OR technology: developing more flexibility and usability
OR technology: developing more flexibility and usability
Interview with Prof. Erwin Keeve, Berliner Zentrum für Mechatronische Medizintechnik BZMM (Berlin Center for Mechatronic Medical Technology) at Charité Berlin
Gentle, safe, precise, fast – surgical interventions need to meet many demands: laws and regulations concerning safety, the desire for the best possible health outcome, economic requirements of hospitals and ever-changing technology make up today’s framework for surgery.
As a consequence, operating theaters and the way they are equipped change, too.
At MEDICA.de, Prof. Erwin Keeve from the Berliner Zentrum für Mechatronische Medizintechnik BZMM (Berlin Center for Mechatronic Medical Technology) at Charité Berlin talks about the new intraoperative 3D scanner ORBIT, navigation of surgical devices and the ORs of the future from an engineer’s point of view.
Prof. Keeve, what role does intraoperative imaging play at the moment?
Erwin Keeve: Large investments are being made and high technological goals tackled to realize intraoperative imaging. Certain interventions can actually not be performed at all without this technology, for instance inserting a stent or implants in the spinal area. You need it for all interventions where the surgeon needs to know exactly where the instruments and implants are located.
You developed ORBIT, an intraoperative 3D scanner at the BZMM. How does it work?
Keeve: Conventional imaging systems either take 2D images or only move on one level in a circular path around the patient when they take 3D images. In doing so, they encircle the patient as a closed system. This also means that the device is obstructing access to the patient. We have resolved this constraint with ORBIT. Its X-ray source and image detector are each mounted on a robotic arm and rotate around the patient in any angled trajectory.
This way, we are able to ensure access to the patient at any time on the one hand, while also improving image quality on the other.
How did existing technologies need to be further developed to realize this system?
Keeve: 3D reconstruction played a central part in this. At first, individual images are being taken in 2D for 3D imaging. ORBIT handles this the same way as those systems that orbit in circular motion around the patient. However, image reconstruction for an arbitrary trajectory around the patient is more complex than in a circular path. Until a few short years ago, the required calculations could not be performed in a short amount of time. In this instance, an in-house development was able to assist us in this area. What is more, computer capacity today is so large that picture and reconstruction process nearly run down at the same speed.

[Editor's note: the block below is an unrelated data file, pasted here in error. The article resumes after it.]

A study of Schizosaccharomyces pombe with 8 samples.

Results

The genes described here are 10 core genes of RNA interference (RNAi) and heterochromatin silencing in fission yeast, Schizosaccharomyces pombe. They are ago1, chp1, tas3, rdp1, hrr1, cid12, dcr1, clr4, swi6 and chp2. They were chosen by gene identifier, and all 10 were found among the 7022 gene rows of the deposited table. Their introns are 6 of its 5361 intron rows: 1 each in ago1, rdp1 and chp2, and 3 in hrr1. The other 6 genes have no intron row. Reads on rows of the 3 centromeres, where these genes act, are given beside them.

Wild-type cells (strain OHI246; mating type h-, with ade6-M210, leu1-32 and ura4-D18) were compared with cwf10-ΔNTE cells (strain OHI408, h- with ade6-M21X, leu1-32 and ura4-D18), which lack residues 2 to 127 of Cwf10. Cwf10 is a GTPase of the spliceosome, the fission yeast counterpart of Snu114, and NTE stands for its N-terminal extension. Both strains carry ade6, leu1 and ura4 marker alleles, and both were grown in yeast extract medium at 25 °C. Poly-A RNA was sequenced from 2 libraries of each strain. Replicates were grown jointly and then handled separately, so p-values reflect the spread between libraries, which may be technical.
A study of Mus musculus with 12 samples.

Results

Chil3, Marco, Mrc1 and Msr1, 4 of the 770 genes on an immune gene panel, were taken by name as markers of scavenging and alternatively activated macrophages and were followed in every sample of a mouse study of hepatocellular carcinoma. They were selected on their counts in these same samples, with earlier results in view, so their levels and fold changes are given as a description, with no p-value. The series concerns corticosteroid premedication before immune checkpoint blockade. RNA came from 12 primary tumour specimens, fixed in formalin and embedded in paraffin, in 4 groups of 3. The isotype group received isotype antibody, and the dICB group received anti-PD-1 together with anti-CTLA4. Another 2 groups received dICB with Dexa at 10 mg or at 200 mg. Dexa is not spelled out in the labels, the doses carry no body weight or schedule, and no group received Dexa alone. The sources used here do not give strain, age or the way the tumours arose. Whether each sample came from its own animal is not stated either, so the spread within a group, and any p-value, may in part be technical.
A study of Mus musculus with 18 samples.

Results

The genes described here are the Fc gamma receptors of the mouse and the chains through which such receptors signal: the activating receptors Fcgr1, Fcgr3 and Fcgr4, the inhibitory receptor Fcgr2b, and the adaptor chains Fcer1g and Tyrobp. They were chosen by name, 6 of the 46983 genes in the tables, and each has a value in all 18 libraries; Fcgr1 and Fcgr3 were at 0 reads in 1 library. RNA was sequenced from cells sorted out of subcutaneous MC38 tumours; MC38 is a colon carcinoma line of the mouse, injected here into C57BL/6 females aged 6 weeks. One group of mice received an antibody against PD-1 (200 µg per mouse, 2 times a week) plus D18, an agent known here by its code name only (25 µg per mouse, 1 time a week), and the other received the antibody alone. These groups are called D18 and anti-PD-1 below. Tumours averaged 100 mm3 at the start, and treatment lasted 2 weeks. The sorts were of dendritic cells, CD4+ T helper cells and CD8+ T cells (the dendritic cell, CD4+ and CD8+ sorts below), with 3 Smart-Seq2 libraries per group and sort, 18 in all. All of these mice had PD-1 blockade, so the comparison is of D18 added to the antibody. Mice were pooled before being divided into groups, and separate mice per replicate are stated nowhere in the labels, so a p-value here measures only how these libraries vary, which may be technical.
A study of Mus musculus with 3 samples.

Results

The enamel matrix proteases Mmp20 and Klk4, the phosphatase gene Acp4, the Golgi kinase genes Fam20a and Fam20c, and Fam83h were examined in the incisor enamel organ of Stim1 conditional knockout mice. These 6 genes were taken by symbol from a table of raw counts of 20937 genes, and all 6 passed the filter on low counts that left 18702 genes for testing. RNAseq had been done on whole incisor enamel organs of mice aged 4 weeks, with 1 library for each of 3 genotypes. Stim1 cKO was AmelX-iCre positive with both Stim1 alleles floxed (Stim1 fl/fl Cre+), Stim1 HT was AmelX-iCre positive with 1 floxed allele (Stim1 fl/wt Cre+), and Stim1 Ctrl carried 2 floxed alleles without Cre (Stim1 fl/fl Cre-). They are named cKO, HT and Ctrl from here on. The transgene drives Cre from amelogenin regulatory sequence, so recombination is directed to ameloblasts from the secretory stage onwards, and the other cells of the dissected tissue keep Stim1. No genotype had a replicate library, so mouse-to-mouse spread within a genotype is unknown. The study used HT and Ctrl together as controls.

Navigating the surgical device in the body is very crucial for endoscopic interventions. How does it work?
Keeve: There are two options: either optical or electromagnetic navigation. With optical navigation the endoscope shaft, which is always on the outside of the body, has attached locators that are captured via camera systems. Usually two cameras allow a stereoscopic view. Using this and through the geometry of the instrument, the position of the tip of the instrument inside the body can be calculated.
With electromagnetic navigation, a relatively homogeneous electromagnetic field is generated on the patient. A small reel at the tip of the device causes changes in field intensity, which provides clues on the tip’s position.
And how is the instrument located in relation to the patient with these technologies?
Keeve: Graphic recording is in charge of this. Of course, it is not enough to only record the instrument position. The position of the patient also needs to be captured and both positions need to be congruent.
Just like with navigational systems in the car, you need a signal on the one hand and a map on the other. The signal comes from the instrument, while we utilize CT data as a map. Both datasets are brought together by measuring distinctive points of patient anatomy and aligning them with the CT data, for instance the tip of the nose, point of the chin or ear canal.
Your Institute develops endoscopic and navigation technologies. What innovations are there in this field?
Keeve: On the one hand, there is a technology marketed by the Scopis Company, which is a spin-off of our Institute. It combines both types of navigation, optical and electromagnetic. In addition, it uses a technology that measures the distance from the endoscope to the tissue. Corresponding centimeter data is being displayed in the endoscopic image. In doing so, instruments can be more safely navigated to the destination.
Secondly, for the Trumpf Medizinsysteme GmbH we are evaluating a voice-controlled endoscope holder that can be mounted to the operating table. Voice control enables the surgeon to move the endoscope by himself, so he does not depend on the help of an assistant, who might possibly translate instructions differently from what the surgeon intended. What is more, compared to human beings, the holding device operates without shaking.
What direction will computer-assisted surgery take in the future?
Keeve: As engineers in medical technology, the usability of the equipment demands a lot of our attention. It is not easy for a physician to master all high tech equipment in today’s operating rooms. The endoscopy holder is a good example of a solution: the surgeon can achieve something with simple speech input for which he or she otherwise needs the help of another person. This person in turn requires space in the operating room, which could be used for other things. Voice-controlled mechanics therefore saves room next to the patient and reduces processes in the operating room.
Overall, we need to develop technologies in the operating room to operate better and not stand in the way of a surgery’s success.